Discussions

News: How To Make Learning To Program Engaging

  1. How To Make Learning To Program Engaging (3 messages)

    So, how do you take the pain out of learning to program? Minimizing lectures is always a good idea. And pushing 'hand-on' time with the keyboard is really the best way to make the learning happen. But how do you keep students engaged and motivated? 

    Here are a few great tips from the following blog (Infinigons) on how to make learning to program fun. The background is Python based, but the advice really applies to any development platform:

    • I learned to minimize lectures. Kids (and all people) learn programming by doing. Giving them a few examples to follow and execute on their own is much more effective than parsing code as a class in lecture format (at least with my group, which tended to get squirrelly really quickly).
    • When I did lecture, I used PowerPoints that the students could upload onto their laptops so they could follow along at their own pace. I also tried to include as many opportunities as possible for them to try out commands along the way. I finally started getting the hang of this when we were doing Visual Python; see my lecture notes here if you are interested.
    • Tiered programming assignments rock. There are easy, medium, and hard programs in a single assignment. Students choose whichever ones they want and aim for a certain total point value. Harder programs are worth more points. See my programming assignments here if you are interested.

    Read the full discussion here:

    http://infinigons.blogspot.com/2011/01/is-programming-new-math.html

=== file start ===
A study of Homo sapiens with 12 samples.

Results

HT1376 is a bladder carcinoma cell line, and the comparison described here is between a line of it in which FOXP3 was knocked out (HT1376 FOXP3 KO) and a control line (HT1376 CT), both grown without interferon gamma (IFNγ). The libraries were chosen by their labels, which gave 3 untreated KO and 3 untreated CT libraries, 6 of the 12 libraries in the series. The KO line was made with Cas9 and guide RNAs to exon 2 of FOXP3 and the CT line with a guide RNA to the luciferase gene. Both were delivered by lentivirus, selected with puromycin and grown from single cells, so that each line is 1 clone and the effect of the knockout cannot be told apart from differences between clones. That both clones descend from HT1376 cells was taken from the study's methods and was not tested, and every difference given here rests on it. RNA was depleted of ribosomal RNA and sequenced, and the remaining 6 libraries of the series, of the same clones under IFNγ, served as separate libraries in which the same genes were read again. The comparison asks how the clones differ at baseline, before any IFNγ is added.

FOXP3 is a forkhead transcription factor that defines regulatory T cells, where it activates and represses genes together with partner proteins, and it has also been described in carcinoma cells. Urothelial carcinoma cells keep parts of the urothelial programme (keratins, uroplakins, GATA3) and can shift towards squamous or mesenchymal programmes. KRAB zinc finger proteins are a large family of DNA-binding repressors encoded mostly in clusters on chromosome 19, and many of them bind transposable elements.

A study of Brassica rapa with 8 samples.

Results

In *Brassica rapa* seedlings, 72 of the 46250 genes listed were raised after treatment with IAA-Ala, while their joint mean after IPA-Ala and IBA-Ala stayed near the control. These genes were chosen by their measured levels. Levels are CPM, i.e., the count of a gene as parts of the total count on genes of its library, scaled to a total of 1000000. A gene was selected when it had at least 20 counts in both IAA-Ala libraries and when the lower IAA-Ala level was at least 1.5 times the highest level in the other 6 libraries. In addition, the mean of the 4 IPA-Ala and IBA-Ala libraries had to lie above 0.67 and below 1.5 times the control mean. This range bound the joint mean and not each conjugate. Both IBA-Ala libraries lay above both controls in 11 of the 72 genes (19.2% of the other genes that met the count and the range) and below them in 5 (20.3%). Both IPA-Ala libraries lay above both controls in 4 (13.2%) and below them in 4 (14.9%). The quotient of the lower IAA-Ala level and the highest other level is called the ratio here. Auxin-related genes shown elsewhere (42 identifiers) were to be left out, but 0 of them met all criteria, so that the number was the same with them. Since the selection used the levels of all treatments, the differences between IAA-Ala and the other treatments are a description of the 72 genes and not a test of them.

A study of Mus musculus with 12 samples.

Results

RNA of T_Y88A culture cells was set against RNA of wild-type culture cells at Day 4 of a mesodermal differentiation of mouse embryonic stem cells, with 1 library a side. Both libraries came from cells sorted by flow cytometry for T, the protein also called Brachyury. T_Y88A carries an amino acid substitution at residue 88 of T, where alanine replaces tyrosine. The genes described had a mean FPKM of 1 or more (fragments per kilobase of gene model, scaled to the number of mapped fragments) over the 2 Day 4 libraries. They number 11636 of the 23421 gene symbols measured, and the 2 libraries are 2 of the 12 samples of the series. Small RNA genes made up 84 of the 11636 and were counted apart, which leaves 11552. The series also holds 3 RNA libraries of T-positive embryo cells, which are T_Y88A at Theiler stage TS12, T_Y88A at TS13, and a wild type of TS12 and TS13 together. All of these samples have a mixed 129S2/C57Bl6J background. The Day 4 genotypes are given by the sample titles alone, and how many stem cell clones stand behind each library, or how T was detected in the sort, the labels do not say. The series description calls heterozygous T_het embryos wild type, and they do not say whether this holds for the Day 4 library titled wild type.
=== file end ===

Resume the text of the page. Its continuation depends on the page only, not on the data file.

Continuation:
Threaded Messages (3)

  2. We have come a long way from inspiring the students to learn to solve optimal control problems so we can go to the moon. Now it is enough - no, imperative -  to have them write a program on how much to tip the waitress.

     

    That's how the civilization ends - teachers who are supposed to teach are required to be entertainers so that learning is FUN.

     

  3. fun is good[ Go to top ]

    John, I think you're missing the point. 

    Students worldwide hate Math because it's poorly taught. If your Match class is boring, you're teaching it wrong. Same with computers.

    Teaching *fun* and *engaging* computer courses is a GOOD thing. I can assure you your NASA engineers loved their courses and found them engaging.

    Engaging != shallow.

  4. fun is good[ Go to top ]

    John, I think you're missing the point. 

    Students worldwide hate Math because it's poorly taught. If your Match class is boring, you're teaching it wrong. Same with computers.

    Teaching *fun* and *engaging* computer courses is a GOOD thing. I can assure you your NASA engineers loved their courses and found them engaging.

    Engaging != shallow.

     

    I agree with engaging but not the fun part. Students need to see the utility in what they are learning. Showing how the tools learned over a course is applied to a real life solution has value. Making it "fun" for fun's sake doesn't necessarily make it so. Math and science will always lose to art/music/glee if you try and compete on a "fun" level.

    Students worldwide may hate Math but IMO because of the difficulty in learning -- not necessarily the quality of teaching. Overcoming a challenge or a problem has been trumped by instant gratification in the "easy" classes with the high glamour. It's cultural nowadays.

    If the society puts little to  no value on Math/Sciences, the youth will not embrace them. No amount of "happy happy joy joy" tactics will counteract that mentality.